A collection of tiny things
I remember how, and roughly when, it started because of what she wore: an adorable double-breasted coral-and-white-striped coat (pictured below), a gift from my best friend, that I would put her in as often as possible. Ruby was 18 months old.
She loved her little wooden push-cart, and we would push it up and down our sidewalk each afternoon. Eventually, the only aim of these trips was hunting for little objects that caught her eye: a pretty leaf, an oblong rock with a stripe across its middle, flotsam left behind by the big kids, like bubble-gum wrappers. (I know, ew. But there was no gum.)
Over time, the collection grew. It was eclectic. A marble. A hyper-miniature shoe for a very small fairy doll — she didn’t care much for the doll, but the one shoe made the cut. A penny. A seashell. A tie-dye superball.
This tiny traveling museum of fascinations really fascinated me. My little magpie daughter was the curator of a collection of “tiny things,” which is what she called them — so that’s what my husband, William, and I called them, too. It wouldn’t be far off to say it resembled a Minnesota kitchen junk drawer, but it was treasure to her.
Meanwhile, expensive toys procured by grandparents and friends languished in the corners of our house, unloved.
It was also around this time that I realized she could start to entertain herself on her own for a few minutes at a time — a blessed relief and milestone for parents — which she did regularly with her tiny things: lining them up, naming them, re-categorizing them. Sometimes there was some kind of imaginative game, conducted in the vein of how I played with Barbies.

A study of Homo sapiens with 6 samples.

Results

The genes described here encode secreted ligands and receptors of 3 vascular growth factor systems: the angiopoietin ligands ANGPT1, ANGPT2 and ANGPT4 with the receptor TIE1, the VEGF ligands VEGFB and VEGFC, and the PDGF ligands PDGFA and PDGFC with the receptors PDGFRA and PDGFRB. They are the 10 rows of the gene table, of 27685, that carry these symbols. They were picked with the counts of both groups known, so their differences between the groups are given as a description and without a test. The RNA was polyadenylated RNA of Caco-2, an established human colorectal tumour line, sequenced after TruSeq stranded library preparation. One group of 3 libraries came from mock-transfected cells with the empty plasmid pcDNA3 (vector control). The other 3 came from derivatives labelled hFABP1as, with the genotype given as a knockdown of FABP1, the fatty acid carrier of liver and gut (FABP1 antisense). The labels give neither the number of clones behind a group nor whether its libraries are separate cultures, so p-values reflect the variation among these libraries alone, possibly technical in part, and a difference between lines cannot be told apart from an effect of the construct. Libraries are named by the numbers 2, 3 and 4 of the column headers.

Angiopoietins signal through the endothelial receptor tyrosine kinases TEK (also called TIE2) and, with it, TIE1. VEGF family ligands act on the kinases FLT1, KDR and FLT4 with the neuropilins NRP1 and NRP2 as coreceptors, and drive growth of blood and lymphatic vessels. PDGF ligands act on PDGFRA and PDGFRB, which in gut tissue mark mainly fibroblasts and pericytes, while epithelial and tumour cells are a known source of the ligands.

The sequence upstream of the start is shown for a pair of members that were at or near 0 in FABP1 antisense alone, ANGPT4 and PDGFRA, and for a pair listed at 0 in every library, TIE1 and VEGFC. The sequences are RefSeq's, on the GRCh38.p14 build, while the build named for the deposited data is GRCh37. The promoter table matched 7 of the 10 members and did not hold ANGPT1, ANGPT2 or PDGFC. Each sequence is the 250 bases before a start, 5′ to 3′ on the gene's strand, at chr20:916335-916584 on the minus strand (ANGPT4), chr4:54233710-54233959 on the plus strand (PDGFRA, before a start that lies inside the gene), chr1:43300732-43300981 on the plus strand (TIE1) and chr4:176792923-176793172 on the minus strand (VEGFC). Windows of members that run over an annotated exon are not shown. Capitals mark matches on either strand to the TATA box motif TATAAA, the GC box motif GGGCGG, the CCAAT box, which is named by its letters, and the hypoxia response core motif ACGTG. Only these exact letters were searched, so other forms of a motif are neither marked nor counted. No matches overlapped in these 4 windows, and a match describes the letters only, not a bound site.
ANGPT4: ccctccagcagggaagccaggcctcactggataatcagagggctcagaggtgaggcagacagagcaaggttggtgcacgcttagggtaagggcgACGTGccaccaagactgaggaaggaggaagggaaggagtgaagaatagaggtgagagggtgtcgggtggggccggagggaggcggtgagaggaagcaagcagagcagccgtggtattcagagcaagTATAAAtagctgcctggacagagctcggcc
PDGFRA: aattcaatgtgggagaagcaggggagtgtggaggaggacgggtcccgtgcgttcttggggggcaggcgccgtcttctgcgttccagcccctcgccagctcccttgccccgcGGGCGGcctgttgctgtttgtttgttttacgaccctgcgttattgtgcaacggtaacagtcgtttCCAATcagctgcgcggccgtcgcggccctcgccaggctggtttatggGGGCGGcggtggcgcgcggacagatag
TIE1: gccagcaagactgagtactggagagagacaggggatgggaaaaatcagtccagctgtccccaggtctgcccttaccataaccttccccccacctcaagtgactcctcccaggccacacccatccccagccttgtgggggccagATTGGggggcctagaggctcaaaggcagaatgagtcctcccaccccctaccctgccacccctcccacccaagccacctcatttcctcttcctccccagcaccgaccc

I would find her lying on the rug in her bedroom, talking or singing quietly, rearranging them on the floor.
She was always on the lookout for the right carrying case — a little vintage kiss-lock tapestry cigarette case, a free-gift Clinique makeup bag and even a camo-printed insulated lunch bag, which came from my dad. All to hopefully never leave a single one behind at a restaurant, in the car or at her Mema and Papa’s house. Soon my brain became the catalog of — and GPS for — which tiny things we had, where they might all be, anticipating their next “lost” location.
Then I realized Shopkins and their ilk existed. I knew she’d go crazy for them, but I also remember feeling a moment’s hesitation before suggesting them for a birthday gift or showing them to her myself. In a real Gen X move, I thought her pure, ragtag collection of tiny things would be commodified and corrupted by the Toy Industrial Complex.
Suffice it to say, William built her some custom shelves to hold all her tiny things as Retail Tiny Things came into view. The collection became too unwieldy to go everywhere, but it remained a favorite pastime, and she still decorates her little dollhouse with her tiny things.
To me, this era will always be this very special part of her childhood, locked away in the baby bubble where she was incorruptible, safe, free to be just herself. I will always remember the first time I realized she was playing alone, entranced on her bedroom rug.
That was back when we played restaurant, pretending to make lemonade from the tiny lemon on a weekend afternoon; when nearly her whole toddlerhood was ahead of us; when it was just William and her and me, before her brothers.
We would take our time ranking our favorite new tiny things at bedtime, and she would run her little fingers over each one before lining them up on the edge of her lofted bed, and cuddling with me to fall asleep.
Katie Dohman is currently living in the midst of a full-house renovation with her three kids, two pets and one husband. Follow her adventures at instagram.com/dohmicile.